Hazardous materialsBoston tries to bar hazmat trucks from downtown -- again

Published 23 May 2011

On average, 317 big trucks and tankers carrying hazardous materials travel through downtown Boston every day; in 2006 Boston had barred hazmat trucks from entering downtown, but federal officials voided the restrictions last year, saying Boston did not show sufficient cause to justify the restrictions; the city commissioned a study on the issue, which recommended diverting hazmat traffic from downtown to a route which will see the truck take the already-congested Route 128, which cuts through Boston’s western suburbs; businesses and cities along the proposed rout object

The City of Boston commissioned a study on trucks carrying hazardous materials through downtown Boston. The Battelle Memorial Institute, a Ohio-based nonprofit research organization, found that, on average, 317 such trucks cross down streets every day – 98 trucks carrying hazardous materials do so during morning rush hour, 38 do so in the evening rush hours, and the rest do so during non-rush hour periods.

The Boston Globe reports that the Battelle study recommended that the city bar such trucks from using down streets to get to Interstate 93, and instead direct them on a wide swing south along Route 128/Interstate 95, which goes through the city’s western suburbs.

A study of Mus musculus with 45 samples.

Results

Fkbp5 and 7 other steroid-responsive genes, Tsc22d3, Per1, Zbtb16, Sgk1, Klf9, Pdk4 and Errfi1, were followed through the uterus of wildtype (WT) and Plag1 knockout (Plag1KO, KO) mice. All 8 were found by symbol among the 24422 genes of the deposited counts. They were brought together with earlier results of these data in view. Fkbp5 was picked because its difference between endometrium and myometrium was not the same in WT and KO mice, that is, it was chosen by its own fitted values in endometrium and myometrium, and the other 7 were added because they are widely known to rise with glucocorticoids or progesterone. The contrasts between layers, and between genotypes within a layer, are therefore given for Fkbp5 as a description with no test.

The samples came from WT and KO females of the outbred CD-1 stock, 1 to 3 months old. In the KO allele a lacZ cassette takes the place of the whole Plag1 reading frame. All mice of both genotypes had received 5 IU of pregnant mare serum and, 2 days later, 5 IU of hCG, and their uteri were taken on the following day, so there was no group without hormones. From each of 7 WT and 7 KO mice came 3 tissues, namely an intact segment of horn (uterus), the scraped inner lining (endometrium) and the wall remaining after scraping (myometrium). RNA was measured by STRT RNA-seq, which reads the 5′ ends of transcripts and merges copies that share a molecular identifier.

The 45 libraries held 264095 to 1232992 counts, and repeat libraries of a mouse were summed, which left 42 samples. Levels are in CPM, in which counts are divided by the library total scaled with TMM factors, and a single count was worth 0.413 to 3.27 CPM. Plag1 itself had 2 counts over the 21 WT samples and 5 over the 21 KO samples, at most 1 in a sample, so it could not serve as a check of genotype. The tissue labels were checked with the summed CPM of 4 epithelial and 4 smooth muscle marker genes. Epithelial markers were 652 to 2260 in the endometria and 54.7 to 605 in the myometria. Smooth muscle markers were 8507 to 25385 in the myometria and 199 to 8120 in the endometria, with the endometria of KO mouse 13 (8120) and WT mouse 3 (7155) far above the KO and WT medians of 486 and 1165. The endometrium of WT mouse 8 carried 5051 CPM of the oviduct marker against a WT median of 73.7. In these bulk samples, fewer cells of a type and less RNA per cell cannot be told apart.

Boston mayor Thomas Mennino supports the proposal.

An alliance of businesses located along Route 128 opposes the plan. Route 128 was built to carry about 150,000 vehicles a day, but it is now already carrying more than 200,000 vehicles a day, causing congestions and delays for those who rely on it.

The city wants these trucks off downtown streets because if one of them has a serious accident, it will be difficult for first responders teams to fight their way through downtown traffic to get to the truck. The 128 Business Council makes the same argument about the difficulty first responders would face trying to get to a stalled truck on Route 128. Moreover, mayors of the city’s western suburbs say that it makes no sense to put their residents at risk from a chemical spill or explosion.

The Globe notes that in 2006 Boston had already barred trucks carrying hazardous materials from going through downtown, but federal officials voided the restrictions last year, saying Boston did not show sufficient cause for it.